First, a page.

Phosphorous is found naturally in a number of foods. It is also added to certain foods as part of processing which could be adding to kidney disease risks, which has particular relevance for people with diabetes who are at higher risk of the condition.
Research from Johns Hopkins University in Baltimore found that reduction in phosphorous in the diets of people with borderline hypertension resulted in decreased levels of protein in the urine, a known marker for kidney disease.
Kidney disease, also known as diabetic nephropathy, is one of the most common complications of both type 1 and type 2 diabetes.
In the study, the research team, led by Dr Alex Chang, took 481 participants with borderline hypertension or pre-hypertensio, in other words the patients had blood pressure levels on the upper end of the normal range.
Patients were monitored at the beginning and end of 6 months to assess whether levels of albumin in their urine had increased or decreased. The participants also received advice and counselling on losing weight, keeping to a healthy diet and being physically active.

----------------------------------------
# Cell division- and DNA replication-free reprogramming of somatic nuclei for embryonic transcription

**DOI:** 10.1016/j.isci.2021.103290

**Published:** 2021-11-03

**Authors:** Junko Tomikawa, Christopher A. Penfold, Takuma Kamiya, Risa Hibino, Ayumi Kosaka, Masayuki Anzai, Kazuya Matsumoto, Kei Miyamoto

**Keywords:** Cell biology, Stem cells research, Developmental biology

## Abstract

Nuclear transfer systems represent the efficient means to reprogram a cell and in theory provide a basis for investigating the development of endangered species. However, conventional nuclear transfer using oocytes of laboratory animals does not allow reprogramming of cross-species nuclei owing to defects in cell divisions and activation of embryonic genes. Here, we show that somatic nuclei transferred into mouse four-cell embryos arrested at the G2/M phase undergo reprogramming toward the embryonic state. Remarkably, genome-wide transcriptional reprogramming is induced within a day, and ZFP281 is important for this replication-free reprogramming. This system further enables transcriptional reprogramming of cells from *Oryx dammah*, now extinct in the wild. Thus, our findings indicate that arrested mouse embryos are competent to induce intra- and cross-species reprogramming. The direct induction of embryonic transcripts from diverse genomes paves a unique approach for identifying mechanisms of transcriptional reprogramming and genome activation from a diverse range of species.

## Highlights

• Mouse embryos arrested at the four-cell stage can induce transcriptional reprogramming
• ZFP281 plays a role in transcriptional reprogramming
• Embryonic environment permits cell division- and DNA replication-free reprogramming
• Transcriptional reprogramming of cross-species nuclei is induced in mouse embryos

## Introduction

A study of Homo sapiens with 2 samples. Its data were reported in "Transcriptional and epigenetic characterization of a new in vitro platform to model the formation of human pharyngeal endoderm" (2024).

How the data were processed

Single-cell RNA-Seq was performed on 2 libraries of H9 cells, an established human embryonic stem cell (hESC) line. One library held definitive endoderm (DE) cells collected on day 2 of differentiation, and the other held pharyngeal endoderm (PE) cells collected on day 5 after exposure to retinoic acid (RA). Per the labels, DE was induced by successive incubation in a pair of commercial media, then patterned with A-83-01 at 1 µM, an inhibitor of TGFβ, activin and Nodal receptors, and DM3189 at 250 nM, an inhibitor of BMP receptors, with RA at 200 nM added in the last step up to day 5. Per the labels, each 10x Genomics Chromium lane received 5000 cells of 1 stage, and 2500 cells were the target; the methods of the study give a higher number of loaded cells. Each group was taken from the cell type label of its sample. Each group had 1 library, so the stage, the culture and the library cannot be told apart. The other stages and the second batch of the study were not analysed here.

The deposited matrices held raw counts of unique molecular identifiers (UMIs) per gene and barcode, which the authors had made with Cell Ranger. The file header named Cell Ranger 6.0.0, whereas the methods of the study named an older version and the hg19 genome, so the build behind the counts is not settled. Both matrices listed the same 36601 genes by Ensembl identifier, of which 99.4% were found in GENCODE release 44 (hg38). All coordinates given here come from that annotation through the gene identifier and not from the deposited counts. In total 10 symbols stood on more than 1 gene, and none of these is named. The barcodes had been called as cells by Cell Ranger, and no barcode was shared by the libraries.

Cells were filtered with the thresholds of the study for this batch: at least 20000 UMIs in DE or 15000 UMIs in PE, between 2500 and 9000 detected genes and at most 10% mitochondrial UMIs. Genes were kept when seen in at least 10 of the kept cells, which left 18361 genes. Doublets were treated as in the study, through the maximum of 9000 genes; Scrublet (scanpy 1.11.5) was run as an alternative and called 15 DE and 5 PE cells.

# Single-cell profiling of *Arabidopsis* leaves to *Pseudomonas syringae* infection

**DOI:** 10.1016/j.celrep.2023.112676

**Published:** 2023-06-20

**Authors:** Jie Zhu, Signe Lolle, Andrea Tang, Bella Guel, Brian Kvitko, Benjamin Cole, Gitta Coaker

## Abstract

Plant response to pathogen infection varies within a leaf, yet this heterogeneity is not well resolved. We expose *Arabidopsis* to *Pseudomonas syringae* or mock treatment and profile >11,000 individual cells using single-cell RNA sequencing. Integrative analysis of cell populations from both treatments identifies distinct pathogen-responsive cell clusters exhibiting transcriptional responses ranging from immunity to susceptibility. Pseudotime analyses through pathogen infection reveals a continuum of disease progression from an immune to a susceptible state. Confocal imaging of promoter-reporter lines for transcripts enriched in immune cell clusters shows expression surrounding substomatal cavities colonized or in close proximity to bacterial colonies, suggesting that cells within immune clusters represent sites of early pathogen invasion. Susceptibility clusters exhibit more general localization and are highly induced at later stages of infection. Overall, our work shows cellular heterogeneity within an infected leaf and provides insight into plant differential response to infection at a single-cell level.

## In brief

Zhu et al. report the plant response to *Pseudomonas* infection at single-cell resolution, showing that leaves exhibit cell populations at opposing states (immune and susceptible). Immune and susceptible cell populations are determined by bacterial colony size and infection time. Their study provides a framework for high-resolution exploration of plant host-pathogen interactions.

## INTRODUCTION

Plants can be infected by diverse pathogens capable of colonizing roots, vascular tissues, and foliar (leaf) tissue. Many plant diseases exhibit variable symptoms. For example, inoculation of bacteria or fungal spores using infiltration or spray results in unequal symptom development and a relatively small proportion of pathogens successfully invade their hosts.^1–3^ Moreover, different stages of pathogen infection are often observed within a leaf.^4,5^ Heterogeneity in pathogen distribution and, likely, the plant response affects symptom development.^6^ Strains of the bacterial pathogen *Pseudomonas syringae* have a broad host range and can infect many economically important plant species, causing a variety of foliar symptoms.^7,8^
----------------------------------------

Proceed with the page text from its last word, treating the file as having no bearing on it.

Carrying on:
The results of the study showed that the interventions helped participants to lose weight and their levels of albuminurea also dropped, significantly, by 25%. A further finding was that a reduction of 314mg of phosphorous being excreted saw an 11% decrease in proteinurea.
Phosphorous is a naturally occurring element in foods such as vegetables and nuts but it also now commonly added to other products as a result of food processing. For example, cold meats frequently list phosphorous compounds as stabilisers.
Phosphorous as an additive has a greater effect than the phosphorous that occurs naturally in foods as the body finds it easier to break down and absorb artificially added phosphorous.
Consumers looking to limit their exposure to phosphorous additives in their diet should look out for ingredients that include the letters ‘phos’. Common examples include ingredients such as triphosphates or polyphosphates.